Ian W. Flinn, MD, PhD
Duvelisib reduced the risk of disease progression or death by 48% versus ofatumumab (Arzerra) in patients with relapsed/refractory chronic lymphocytic leukemia (CLL) or small lymphocytic lymphoma (SLL) enrolled in the phase III DUO trial.
In the overall population, the median progression-free survival (PFS) with the PI3K-delta and -gamma inhibitor was 3.4 months longer with duvelisib compared to ofatumumab. In patients with a 17p deletion, the median PFS benefit was 3.7 months.
“Although the treatment of CLL/SLL has advanced in recent years, there remains a substantial unmet need with many patients progressing or relapsing following the available therapies,” lead DUO investigator Ian Flinn, MD, PhD, Director of the Blood Cancer Research Program at Sarah Cannon Research Institute, said in a statement.
“These positive results from the randomized DUO study demonstrate that duvelisib prolongs PFS with a manageable safety profile in patients with relapsed or refractory CLL/SLL, including in high-risk patients with the 17p deletion. For our patients with CLL/SLL, and for the physicians who treat them, a convenient, oral monotherapy that is taken at home would be a valuable addition to the treatment landscape,” added Flinn.
The phase III DUO study randomized 319 patients with CLL/SLL in a 1:1 ratio to duvelisib at 25 mg twice daily until disease progression or unacceptable toxicity, or ofatumumab at 300 mg on day 1, followed by 7 weekly infusions and 4 monthly infusions of 2000 mg.
The median PFS was 13.3 months in the duvelisib arm compared with 9.9 months in the ofatumumab arm (hazard ratio [HR], 0.52; P
<.0001). In patients with a 17p deletion, the median PFS was 12.7 versus 9.0 months, respectively (HR, 0.41; P
Safety data were consistent with results observed across other studies of single-agent duvelisib in hematologic malignancies, according to Verastem, the manufacturer of the PI3K inhibitor. The company plans to present the complete findings from DUO at a future medical meeting and submit the data for publication in a peer-reviewed journal.
“We are extremely grateful to the patients, caregivers, and investigators who participated in the DUO study and we are pleased to be that much closer to delivering on our mission to develop drugs that improve the lives of patients with cancer,” Robert Forrester, president and CEO of Verastem, said in a statement.
“Both of our late-stage trials with duvelisib monotherapy (DUO and DYNAMO) have now achieved their primary endpoints, highlighting the significant potential of duvelisib in the treatment of advanced hematologic malignancies. We anticipate sharing these results with the FDA in preparation for a potential new drug application filing during the first half of 2018 and look forward to exploring subsequent development opportunities for duvelisib in additional cancers,” added Forrester.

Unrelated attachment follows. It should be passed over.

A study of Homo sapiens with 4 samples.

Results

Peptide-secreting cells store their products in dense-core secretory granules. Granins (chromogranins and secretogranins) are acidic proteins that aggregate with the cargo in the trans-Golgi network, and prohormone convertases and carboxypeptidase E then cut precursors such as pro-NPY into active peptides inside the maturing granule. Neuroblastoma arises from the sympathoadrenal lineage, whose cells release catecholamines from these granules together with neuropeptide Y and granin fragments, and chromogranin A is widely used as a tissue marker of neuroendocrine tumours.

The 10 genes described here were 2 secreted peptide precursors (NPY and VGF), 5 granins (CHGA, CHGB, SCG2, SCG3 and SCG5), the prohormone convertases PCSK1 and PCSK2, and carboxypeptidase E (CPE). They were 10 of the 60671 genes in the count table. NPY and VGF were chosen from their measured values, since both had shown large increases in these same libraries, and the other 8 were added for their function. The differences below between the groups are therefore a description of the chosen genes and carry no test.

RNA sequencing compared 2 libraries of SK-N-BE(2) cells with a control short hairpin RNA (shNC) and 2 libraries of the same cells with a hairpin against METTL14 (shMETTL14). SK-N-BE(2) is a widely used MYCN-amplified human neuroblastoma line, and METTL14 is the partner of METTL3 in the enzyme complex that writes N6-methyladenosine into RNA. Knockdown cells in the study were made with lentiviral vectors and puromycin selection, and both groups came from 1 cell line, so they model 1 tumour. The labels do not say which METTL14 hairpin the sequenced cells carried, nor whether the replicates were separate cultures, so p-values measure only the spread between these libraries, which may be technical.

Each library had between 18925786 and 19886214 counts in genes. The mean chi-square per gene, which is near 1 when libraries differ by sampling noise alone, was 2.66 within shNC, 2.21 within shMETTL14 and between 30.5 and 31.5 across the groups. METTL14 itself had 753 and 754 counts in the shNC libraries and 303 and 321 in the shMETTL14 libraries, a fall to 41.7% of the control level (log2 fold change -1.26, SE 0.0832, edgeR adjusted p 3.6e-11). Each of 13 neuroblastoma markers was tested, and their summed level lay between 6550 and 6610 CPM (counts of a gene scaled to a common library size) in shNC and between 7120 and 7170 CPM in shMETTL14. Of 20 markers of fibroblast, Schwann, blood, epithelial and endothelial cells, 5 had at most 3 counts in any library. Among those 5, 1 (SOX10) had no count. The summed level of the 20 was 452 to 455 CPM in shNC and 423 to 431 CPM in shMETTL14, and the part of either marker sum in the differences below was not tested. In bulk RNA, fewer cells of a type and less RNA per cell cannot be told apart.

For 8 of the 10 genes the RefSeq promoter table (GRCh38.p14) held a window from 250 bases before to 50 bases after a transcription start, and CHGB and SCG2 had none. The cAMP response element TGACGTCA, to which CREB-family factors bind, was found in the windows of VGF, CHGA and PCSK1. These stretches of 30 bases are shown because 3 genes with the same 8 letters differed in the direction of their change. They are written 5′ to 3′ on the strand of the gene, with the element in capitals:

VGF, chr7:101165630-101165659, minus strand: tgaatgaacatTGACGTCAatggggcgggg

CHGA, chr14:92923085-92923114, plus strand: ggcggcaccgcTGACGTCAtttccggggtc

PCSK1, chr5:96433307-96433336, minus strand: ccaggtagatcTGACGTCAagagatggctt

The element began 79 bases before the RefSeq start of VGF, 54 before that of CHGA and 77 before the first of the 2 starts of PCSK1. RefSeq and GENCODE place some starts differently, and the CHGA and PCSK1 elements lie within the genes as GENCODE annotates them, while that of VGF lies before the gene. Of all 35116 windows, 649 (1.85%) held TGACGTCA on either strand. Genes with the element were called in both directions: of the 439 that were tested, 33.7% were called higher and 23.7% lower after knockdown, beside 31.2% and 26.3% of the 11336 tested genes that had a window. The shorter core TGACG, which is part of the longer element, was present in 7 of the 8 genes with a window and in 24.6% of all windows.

In previously released data from the phase II DYNAMO study, duvelisib demonstrated an overall response rate (ORR) of 46% for patients with indolent non-Hodgkin lymphoma (iNHL).
The study enrolled 129 patients with iNHL, which included follicular lymphoma (n = 83), SLL (n = 28), and marginal zone lymphoma (n = 18). The ORRs in each of these groups, respectively, were 41%, 68%, and 33%. The median duration of response was 9.9 months.
The open-label phase II DYNAMO study, which began enrolling in May 2013, included patients with iNHL who were refractory to rituximab and either chemotherapy or radioimmunotherapy. Continuous duvelisib was administered at 25 mg twice daily.
At a median follow-up of 11.5 months, the median overall survival in the entire iNHL population was 18.4 months and the median PFS was 8.4 months.
The most common grade ≥3 AEs were neutropenia (23%), anemia (12%), thrombocytopenia (10%), and diarrhea (15%). Seventeen percent of patients discontinued duvelisib due to an AE. There were 6 patient deaths related to AEs.
Zinzani P, Wagner-Johnston N, Miller C, et al. DYNAMO: a phase 2 study demonstrating the clinical activity of duvelisib in patients with double-refractory indolent non-Hodgkin lymphoma. Hematol Oncol. 2017;35(52):69-70.